A family member approached me in outrage. After months of going to a therapist who he was told was in-network and would be covered by insurance, he received a bill for $2,400.00.
How are working families supposed to handle a “surprise” and unexpected medical bill like this? Health insurance is difficult enough to afford without receiving outrageous bills like this on top of our increasing premiums and deductibles.
I am by no means an expert on healthcare, but, after extensive research, I have found that these surprise bills are far too common a practice when a patient visits a medical provider who is out-of-network or the insurance company decides to deny an in-network claim. However, patients can’t afford these surprise bills and, quite frankly, it isn’t fair to ask someone who does the right thing and has health insurance to pay still more because an insurance company refuses to pay a doctor.
Dealing with this problem is a no-brainer, but the solution requires some thought.
I have read that many suggest that the simple path is to establish fixed reimbursement rates for out-of-network hospitals and healthcare providers. Like many quick fixes, this will only cause more problems. Rate caps will take away any leverage hospitals and providers have when negotiating with insurance companies, cutting their ability to get fair market value for the care they provide and ultimately pushing them out of business or forcing them to pass on higher costs to other patient care procedures. California went down this path, and it has added to the fact that many rural communities in the state are now suffering doctor shortages that are approaching crisis levels.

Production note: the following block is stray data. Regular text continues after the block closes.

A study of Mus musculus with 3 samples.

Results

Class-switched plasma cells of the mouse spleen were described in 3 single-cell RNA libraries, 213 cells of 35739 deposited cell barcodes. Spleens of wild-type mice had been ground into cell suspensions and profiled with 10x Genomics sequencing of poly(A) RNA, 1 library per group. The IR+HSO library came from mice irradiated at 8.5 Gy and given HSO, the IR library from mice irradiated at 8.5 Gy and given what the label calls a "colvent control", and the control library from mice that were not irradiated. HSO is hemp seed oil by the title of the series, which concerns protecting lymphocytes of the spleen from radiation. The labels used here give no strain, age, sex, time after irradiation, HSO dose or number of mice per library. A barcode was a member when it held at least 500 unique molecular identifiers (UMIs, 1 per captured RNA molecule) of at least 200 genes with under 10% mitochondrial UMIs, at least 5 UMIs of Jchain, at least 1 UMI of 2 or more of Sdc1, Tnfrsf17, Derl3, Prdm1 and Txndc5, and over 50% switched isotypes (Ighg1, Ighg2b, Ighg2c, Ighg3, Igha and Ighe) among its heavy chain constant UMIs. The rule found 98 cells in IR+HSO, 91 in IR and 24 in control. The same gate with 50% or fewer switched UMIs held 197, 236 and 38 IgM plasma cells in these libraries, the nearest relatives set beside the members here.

On the other hand, New York established a baseball-style statewide independent dispute resolution system to resolve billing issues. An open, transparent process is fair to all parties involved – particularly the patients, who would no longer find themselves in the middle of disputes between an insurance company and a doctor or hospital who provided urgent, possibly life-saving medical care and the insurance company. In two years of existence, New York’s arbitration program has resolved thousands of billing disputes and out-of-network billing has decreased dramatically. In fact, most reports say it has decreased by as much as 34%.
Like many others, I am happy to see Congress working to solve the issue of unexpected out-of-network medical bills. Our congressional delegation can have some influence. We need Senator Hassan, who sits on the Senate Committee dealing with this legislation, Senator Shaheen, Congresswoman Kuster and Congressman Pappas to look past the “simple” fix in favor of one that actually works.
Patients need to be protected. I hope our congressional delegation and the entire Congress does their homework on this issue to stop outrageous surprise medical bills that have sadly hit my family and too many others across New Hampshire.